The Militant (logo)  
   Vol. 67/No. 20           June 16, 2003  
 
 
UK hospital workers strike
against two-tier pay
(front page)
 
BY AURORA SHANNON  
AND ROSE KNIGHT
 
LONDON—Cleaners, porters, and catering staff working at Whipps Cross Hospital in Leytonstone went on strike for 48 hours on May 28 and 29. They work for ISS Mediclean, which supplies staff for National Health Service hospitals. The workers, members of the union UNISON, are demanding a pay increase to 5.53 an hour and a guaranteed end to the two-tier wage scale. They are currently paid an average of 4.62 an hour.

The employer has offered them 5 an hour. Don Laidley, a porter who earns 4.73 an hour for a 40-hour week on shifts said, “5 is still not enough. It’s an insult, degrading money. People have got family, kids and bills to pay”. He added, “We won’t tolerate this any longer.”

The government’s moves to dismantle the public health-care system in the United Kingdom began with the contracting out of ancillary services to private firms. National Health Service (NHS) workers were forced to transfer to maintain their jobs, keeping their terms and conditions but at a lower rate of pay. They are entitled to a living allowance, overtime rates, sick pay, and pensions.

On the other hand, ISS workers who never worked for the NHS do not have these conditions. At a lunchtime rally, workers held up union placards against these two-tier conditions, demanding “Equal Pay, No Delay.”

The chief manager of the hospital, Peter Coles, promised that the employer would “try to achieve harmonization between the levels of pay for our own staff, and those employed by contractors, by April 2006.” He said “this will constitute a 44 percent pay uplift for the lowest paid staff over three years.”

During the strike, bosses were reported to have hired nonunion workers and paid them 10 an hour to cover the striking workers’ jobs. Strikers said some of these individuals walked out saying there was too much work to do.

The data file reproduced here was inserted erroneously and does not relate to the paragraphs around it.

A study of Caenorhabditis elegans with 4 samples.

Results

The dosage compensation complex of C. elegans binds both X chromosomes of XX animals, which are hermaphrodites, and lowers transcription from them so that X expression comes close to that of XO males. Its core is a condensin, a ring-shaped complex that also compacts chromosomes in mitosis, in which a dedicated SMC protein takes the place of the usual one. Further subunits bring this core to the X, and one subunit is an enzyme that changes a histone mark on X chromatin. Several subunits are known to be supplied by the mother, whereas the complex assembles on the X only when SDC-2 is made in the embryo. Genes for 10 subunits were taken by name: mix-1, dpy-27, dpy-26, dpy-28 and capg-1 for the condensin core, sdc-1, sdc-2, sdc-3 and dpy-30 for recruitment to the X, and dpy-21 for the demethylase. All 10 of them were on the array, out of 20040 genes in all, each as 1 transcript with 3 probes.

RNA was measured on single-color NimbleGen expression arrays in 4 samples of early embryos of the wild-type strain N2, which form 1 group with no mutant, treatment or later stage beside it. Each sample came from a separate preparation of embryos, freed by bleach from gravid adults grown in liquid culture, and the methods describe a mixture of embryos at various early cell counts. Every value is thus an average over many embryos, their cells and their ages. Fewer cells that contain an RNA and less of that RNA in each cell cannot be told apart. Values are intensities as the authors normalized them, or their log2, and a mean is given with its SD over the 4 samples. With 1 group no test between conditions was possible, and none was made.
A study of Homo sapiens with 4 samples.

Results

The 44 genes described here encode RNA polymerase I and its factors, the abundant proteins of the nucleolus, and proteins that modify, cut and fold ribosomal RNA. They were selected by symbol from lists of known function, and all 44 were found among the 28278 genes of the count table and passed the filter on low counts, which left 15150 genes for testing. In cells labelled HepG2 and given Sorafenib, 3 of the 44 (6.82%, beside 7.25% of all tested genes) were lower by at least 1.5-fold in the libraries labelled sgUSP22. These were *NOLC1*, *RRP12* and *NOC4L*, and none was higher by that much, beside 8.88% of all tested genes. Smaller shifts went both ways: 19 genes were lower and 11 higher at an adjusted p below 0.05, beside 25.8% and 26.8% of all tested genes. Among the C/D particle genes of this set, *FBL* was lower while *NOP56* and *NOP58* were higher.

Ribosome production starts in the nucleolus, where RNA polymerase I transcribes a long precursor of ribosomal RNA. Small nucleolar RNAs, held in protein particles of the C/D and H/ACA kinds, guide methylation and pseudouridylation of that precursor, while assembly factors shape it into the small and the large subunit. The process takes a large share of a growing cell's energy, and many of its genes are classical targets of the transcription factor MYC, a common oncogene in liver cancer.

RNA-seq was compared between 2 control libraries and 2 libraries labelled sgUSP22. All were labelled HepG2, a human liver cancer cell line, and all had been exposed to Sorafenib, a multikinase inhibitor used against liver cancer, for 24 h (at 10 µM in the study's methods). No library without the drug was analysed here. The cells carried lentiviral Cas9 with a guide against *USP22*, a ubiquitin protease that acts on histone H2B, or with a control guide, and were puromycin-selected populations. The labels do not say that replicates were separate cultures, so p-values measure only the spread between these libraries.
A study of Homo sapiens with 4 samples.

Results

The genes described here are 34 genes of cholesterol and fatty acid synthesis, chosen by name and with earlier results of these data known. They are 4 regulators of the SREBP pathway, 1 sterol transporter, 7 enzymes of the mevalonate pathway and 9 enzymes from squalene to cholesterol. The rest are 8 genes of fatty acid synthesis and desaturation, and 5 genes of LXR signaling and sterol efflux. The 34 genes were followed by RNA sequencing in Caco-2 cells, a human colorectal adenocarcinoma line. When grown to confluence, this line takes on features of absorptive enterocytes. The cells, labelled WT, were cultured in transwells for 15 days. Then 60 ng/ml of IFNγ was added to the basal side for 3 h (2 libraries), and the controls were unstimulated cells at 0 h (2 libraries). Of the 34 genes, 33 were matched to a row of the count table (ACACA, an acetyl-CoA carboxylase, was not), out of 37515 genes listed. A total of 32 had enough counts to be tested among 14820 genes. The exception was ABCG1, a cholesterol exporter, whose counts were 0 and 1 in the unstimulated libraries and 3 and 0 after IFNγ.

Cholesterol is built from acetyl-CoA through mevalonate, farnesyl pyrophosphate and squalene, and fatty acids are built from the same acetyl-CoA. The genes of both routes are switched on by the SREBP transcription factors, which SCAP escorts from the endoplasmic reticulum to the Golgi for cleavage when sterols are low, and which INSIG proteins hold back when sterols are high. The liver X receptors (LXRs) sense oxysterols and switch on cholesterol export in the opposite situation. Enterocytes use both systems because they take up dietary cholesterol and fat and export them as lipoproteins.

Two years ago in Whipps Cross Hospital there were 61 UNISON members out of 360 workers employed by ISS. After a unionization drive this figure went up to 257—more than 71 percent.

“Being in the union you can see the difference,” said Rose Wollaston. “People are starting to think about pay, the lack of training, and our conditions.” Wollaston, a five-year union member, works part-time as a cleaner.

Len Hockey, joint branch secretary of the UNISON branch, pointed out that the majority of the workers involved in the strike were women who worked long hours, often holding down more than one job. Bisi Adeyinka, for example, has worked at Whipps Cross for 15 years and has been a union member since 1993. She explained that when she asked to go back to Nigeria for a holiday, the bosses told her she would get the sack, since contract workers have no holiday entitlements. When she returned, she joined the union and won her job back.

The strike is also about conditions at work. Nana Ama, who had been a ward cleaner at Whipps Cross for four months, said, “There’s too much work for one person—you have to clean wards with up to 35 patients. They want cheap labor”.

Pearl Hamilton commented “You have to do so many things and you don’t get nothing for it”.

Ancillary workers at Mile End and St. Clements hospitals in East London are on strike against their employer, Medirest.

Ancillary workers at three hospitals in Scunthorpe, Grimsby, and Goole went on strike for five days the previous week to win 5.03 an hour and equality with NHS staff. In Scotland 5,000 nursery nurses, members of UNISON, took part in a series of strikes two weeks earlier demanding a 35-hour week and a 4,000 a year pay increase.